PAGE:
Larry Savage is the chair of the department of labour studies at Brock University.

After decades of playing defence under threat of concessions and plant closures, Canada’s auto workers, represented by Unifor, have entered 2023 contract negotiations with Ford, General Motors and Stellantis with unprecedented bargaining leverage.

On Aug. 29, Unifor President Lana Payne announced the union had selected Ford as its strike target to set the pattern agreement in auto talks with the Detroit 3 auto makers. While Ford appears motivated to reach a speedily negotiated settlement, Unifor is coming to the bargaining table with renewed confidence and an ambitious set of proposals designed to make up for years of belt-tightening in the auto sector. Specifically, the union has prioritized pension improvements, wage increases, transition issues related to the shift to electric vehicle manufacturing, product commitments and plant investment guarantees in this round of bargaining.

The conditions are ripe for Unifor to make big gains at the bargaining table. Besides the tight labour market, which helps increase workers’ wages and bargaining power in general, there are several other key factors working in the union’s favour.

First, the Detroit 3 have posted record profits in recent years and invested billions to retool many of their Southern Ontario plants. As the auto sector undergoes an electric vehicle revolution, individual auto makers are looking for stability and labour peace to protect and increase their share of the lucrative and expanding EV market. A 40-day UAW strike in 2019 cost General Motors US$3.6-billion. That is an outcome auto makers will want to avoid in 2023. But even more concerning is the strategic concern that a labour dispute would allow competitors to expand their market share even more rapidly in a critical, transformative period for the sector.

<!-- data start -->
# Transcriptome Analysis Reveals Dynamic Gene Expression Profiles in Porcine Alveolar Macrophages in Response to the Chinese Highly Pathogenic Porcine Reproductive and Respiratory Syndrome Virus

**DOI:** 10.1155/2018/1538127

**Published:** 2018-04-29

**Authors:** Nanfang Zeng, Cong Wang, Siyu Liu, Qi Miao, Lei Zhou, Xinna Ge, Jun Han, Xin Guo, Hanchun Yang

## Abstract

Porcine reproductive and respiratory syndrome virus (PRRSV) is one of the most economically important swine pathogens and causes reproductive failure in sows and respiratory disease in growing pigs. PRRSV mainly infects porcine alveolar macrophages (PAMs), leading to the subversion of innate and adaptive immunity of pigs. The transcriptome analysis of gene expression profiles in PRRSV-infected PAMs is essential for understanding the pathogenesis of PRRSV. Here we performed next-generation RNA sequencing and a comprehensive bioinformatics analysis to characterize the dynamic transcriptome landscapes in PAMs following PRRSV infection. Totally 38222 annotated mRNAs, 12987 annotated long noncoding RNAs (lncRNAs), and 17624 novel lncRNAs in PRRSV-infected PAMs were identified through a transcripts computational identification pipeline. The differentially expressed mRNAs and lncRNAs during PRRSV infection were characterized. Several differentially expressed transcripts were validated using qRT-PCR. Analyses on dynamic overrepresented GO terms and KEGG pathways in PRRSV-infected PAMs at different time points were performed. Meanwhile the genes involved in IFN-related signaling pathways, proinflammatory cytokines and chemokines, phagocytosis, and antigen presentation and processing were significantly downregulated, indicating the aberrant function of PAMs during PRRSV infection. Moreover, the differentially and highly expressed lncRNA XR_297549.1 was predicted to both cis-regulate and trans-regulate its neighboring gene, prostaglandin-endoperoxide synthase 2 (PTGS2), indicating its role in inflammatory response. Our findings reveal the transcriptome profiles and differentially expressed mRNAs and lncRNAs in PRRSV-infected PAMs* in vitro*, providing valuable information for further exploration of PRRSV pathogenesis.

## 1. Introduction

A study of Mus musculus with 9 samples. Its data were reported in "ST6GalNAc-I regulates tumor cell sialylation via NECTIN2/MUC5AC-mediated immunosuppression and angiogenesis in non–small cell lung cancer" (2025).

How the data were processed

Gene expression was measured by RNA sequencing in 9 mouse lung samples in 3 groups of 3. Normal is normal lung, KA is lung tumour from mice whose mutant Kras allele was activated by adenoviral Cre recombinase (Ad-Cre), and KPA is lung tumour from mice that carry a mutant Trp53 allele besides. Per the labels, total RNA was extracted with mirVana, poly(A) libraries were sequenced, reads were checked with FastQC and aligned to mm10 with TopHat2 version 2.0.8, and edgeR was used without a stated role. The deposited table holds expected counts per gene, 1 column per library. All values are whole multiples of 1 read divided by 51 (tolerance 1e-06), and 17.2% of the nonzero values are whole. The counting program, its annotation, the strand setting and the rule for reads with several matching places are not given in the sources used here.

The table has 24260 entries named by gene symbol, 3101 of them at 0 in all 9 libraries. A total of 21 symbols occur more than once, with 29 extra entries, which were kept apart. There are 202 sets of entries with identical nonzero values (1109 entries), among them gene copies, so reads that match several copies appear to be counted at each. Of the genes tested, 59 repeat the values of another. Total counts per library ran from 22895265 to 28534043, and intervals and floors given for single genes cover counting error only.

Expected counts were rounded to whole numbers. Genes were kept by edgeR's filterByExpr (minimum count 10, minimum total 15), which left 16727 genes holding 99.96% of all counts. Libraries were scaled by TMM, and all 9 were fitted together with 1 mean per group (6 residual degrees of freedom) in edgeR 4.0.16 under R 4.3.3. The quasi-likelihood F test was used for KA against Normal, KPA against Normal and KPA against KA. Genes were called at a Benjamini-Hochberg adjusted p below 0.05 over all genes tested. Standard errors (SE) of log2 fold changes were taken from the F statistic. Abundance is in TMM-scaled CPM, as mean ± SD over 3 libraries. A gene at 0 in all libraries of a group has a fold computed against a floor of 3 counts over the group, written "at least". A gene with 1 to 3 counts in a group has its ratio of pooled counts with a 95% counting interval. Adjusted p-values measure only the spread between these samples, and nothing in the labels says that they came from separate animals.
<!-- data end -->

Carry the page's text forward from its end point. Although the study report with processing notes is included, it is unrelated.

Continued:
Second, for the first time since 2008, Unifor’s U.S. counterpart, the United Auto Workers (UAW), is bargaining at the same time with the Detroit 3. While the UAW has yet to name a strike target, President Shawn Fain has not shied away from threatening a strike to force the Detroit 3 to address his own union’s bold demands, which include a 46-per-cent pay increase, a 32-hour work week with 40 hours of pay and the restoration of a defined-benefit pension plan.

Every union comes to the bargaining table with a combination of carrots and sticks, but it appears Mr. Fain is far more inclined than Ms. Payne to use the stick. He has made it clear that the UAW, under his leadership, will be more adversarial at the bargaining table. The UAW’s renewed level of militancy under Mr. Fain has a spillover benefit for Unifor. His credible use of the strike threat as leverage to get a deal indirectly benefits Unifor members because the North American auto sector is so highly integrated. In short, a strike in the U.S. would have significant impacts in Canada, and vice versa. Thus, the Detroit 3 will need to secure labour peace on both sides of the border, and that benefits Unifor.

Third, while Unifor’s leadership has not engaged in the same level of sabre rattling as Mr. Fain, in August Unifor members working at Ford, General Motors and Stellantis all voted between 98 and 99 per cent in favour of a strike mandate. While strong strike votes in the Canadian auto sector are routine, there are other signs Unifor members are becoming increasingly restless in the face of persistently high inflation and a growing affordability crisis. In recent months, four separate Unifor bargaining units voted down tentative agreements negotiated on their behalf that just a few years ago would have easily sailed through the ratification process. That kind of grassroots pushback is rare and signals that Unifor members expect their union to deliver more at the bargaining table. Raised expectations, in turn, increase the union’s bargaining position.

We should expect Unifor to rise to the occasion and capitalize on this unique window of opportunity by forcefully pressing its demands in negotiations with the Detroit 3. Such favourable bargaining conditions don’t come around very often and will undoubtedly provide the union with unprecedented leverage in auto talks.